Posted by Kristi Heim
The Gates Foundation has pledged $40 million to independent think tanks in developing countries, starting with a 24 institutions in Africa.
The aim of the initiative is to provide long-term funding to organizations so they can produce sound research that influences national policy debate and decision making, said Mark Suzman, director of policy and advocacy for the Gates Foundation's global development program.
The Gates Foundation and two partners, Canada's International Development Research Centre and the William and Flora Hewlett Foundation, pledged a combined $90 million in grants to the effort.
"Effective development in a sustainable way really only happens when you have committed national governments putting in place the right policies based on the right information..." Suzman said. "There's a limit to what outsiders can do even with the right intentions."
The grants will go to organizations focusing on economics, technology, social and environmental policy, in countries including Benin, Burkina Faso, Ghana, Ethiopia and Senegal. Four think tanks were funded in Kenya and Nigeria and three in Tanzania. A complete list is here.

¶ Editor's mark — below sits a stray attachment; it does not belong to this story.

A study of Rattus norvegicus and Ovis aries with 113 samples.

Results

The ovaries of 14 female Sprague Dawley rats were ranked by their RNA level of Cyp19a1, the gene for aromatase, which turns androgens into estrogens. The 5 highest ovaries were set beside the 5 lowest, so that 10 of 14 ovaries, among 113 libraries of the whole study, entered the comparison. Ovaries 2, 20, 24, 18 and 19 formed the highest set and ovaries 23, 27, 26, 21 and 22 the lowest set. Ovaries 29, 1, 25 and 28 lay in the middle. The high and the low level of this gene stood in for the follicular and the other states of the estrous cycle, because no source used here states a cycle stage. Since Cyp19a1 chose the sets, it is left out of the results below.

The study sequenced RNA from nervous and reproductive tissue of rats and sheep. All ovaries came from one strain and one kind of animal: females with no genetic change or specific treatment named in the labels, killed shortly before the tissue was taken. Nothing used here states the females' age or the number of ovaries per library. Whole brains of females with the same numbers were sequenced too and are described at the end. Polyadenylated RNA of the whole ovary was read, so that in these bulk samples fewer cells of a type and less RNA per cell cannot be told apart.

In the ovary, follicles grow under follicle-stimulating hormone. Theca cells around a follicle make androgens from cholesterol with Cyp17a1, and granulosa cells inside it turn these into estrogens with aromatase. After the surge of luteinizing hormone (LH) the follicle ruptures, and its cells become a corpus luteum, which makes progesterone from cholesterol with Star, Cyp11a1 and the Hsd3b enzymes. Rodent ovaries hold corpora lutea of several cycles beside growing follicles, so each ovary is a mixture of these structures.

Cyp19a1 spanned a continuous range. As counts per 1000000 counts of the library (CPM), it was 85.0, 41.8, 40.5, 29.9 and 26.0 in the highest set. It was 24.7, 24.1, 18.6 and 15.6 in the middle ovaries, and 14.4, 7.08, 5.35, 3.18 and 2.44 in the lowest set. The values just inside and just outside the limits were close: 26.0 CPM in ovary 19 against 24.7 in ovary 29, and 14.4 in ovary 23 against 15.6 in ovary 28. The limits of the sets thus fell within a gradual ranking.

Although the funding is unrestricted, Suzman said the think tanks are expected to do research in many of the areas where the Gates Foundation works.
"We do hope and expect much of the work they do will support areas we at the foundation care a lot about, like health, agriculture and financial services," he said.
One focus of the research will be agricultural development.
"We know that African countries nominally committed to spend 10 percent of their national budgets on agricultural issues," Suzman said. "The question is what is the best way to spend those resources. The answers need to be locally based."
The think tanks receiving grants range from very small and new, with only a couple of employees, to older, more established institutions. More than 300 submitted applications. They are required to be independent of government with no links to a political party and a track record of peer-reviewed, evidence-based research, Suzman said.
But some of their work will involve gathering the most basic data.
"It's important not to underestimate just how little knowledge is available in some countries of things we take for granted," he said. "What is the real distribution of poverty, what are the regions where things are working well or not? Often they just don't have that information at hand."